It’s a bleak tale, but one which requires telling. I can say I survived and perhaps that is a type of victory. Honestly, at the moment, it doesn’t feel like one.
I have told you in previous posts that I had acquired sourdough starter. This is something I had considered over the years, but it’s the first time I actually did it.
Imagine if you will: You put the starter in a bowl, add water and flour, then leave it for 6-8 hours. Then you stir it, remove 4 ounces to which you add water and flour, then leave it for 6-8 hours. This goes on for days. When you do get it to a usable state you will be required to tend it constantly … forever.
I tried it. I tried a handmade loaf of bread and a loaf in the breakmaker. The handmade loaf was a complete disaster. The one out of the machine was no different from any ordinary white loaf.
Now go back to those instructions – the part where it says to remove 4 ounces of your mixture. You may be wondering what happens to the remainder – called the discard. Well, you can put it in the fridge and use it in various recipes. I decided to do that.
After days of creating discard there was a large amount of it in my fridge. I thought, OK I’ll make the waffles.
To begin with you take 1 cup of discard and add 2 cups flour, 2 tbsp sugar, and 2 cups buttermilk.
I had 3 cups discard. Do the math. I now had my biggest bowl with 3 cups discard, 6 cups flour, 6 tbsp sugar, and 6 cups of buttermilk in it.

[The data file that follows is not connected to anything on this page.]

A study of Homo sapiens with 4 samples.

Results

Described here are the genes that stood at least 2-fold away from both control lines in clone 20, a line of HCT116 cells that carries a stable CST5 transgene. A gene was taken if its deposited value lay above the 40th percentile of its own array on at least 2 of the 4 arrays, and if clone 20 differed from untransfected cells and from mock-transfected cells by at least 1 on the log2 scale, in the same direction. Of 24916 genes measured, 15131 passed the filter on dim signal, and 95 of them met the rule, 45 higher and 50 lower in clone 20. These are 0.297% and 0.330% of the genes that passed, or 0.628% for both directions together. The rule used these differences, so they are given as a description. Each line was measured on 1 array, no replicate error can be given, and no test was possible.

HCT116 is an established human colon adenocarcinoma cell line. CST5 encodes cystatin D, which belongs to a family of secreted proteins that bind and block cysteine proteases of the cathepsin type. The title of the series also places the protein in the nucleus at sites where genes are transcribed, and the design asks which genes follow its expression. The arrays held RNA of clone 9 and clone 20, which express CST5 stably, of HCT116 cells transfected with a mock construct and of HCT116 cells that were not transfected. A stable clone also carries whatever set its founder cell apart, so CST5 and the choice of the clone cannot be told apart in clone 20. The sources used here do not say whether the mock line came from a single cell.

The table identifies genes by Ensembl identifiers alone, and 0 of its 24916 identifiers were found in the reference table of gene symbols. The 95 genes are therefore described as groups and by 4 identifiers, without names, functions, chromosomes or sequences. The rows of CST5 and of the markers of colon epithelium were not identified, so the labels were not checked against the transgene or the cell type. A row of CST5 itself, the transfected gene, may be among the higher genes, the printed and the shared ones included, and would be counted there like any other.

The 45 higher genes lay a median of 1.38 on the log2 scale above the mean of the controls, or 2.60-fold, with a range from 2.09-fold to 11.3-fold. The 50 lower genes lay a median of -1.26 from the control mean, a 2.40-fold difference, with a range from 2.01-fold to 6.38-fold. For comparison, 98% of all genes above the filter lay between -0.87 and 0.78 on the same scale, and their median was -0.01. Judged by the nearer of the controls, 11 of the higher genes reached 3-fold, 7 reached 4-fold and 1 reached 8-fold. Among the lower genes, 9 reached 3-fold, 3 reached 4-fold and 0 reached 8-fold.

Unfortunately the next instruction was to leave it overnight. Sh*t.
The next day I had to add salt, baking soda, 3/4 cup of oil, and 6 eggs. Boy was it fun stirring until there were no lumps in that mix. Not.
Fine, I was finally ready to make waffles.
I got out my tiny little waffle iron. I don’t mean tiny just in the sense that it would only make 2 waffles at a time. I also mean tiny in the sense that it is not a very powerful machine.
After much trial and error, I determined that it took 9 minutes to fully cook the waffles. The great quantity of waffles which could be made with that giant bowl of mix – 2 by 2.
Not counting all the waffle batter which poured out of the iron, and all the waffles which were inedible, I wound up with 40 crispy waffles bagged in groups of 8.
Do the math. All told I spent 4 hours doing nothing but cook waffles.
Now I have no bias against waffles. If I didn’t like the occasional fried dough I wouldn’t have set out to make them.
Having said that, I will tell you that I believe them to be of good quality but that is only based on tasting small bits I cut off to make straight edges. I haven’t eaten one.
In fact I can’t even face them. I put all of them in the big freezer. Perhaps one day I will decide that only a waffle will be appropriate for breakfast. Or maybe they’ll be found untouched many years in the future and the discard will be discarded.
I survived this debacle. My waffle iron, however, did not. She was never built to handle this workload.
I thanked her for her service and added her to the discard pile.
Sourdough will never enter this house again.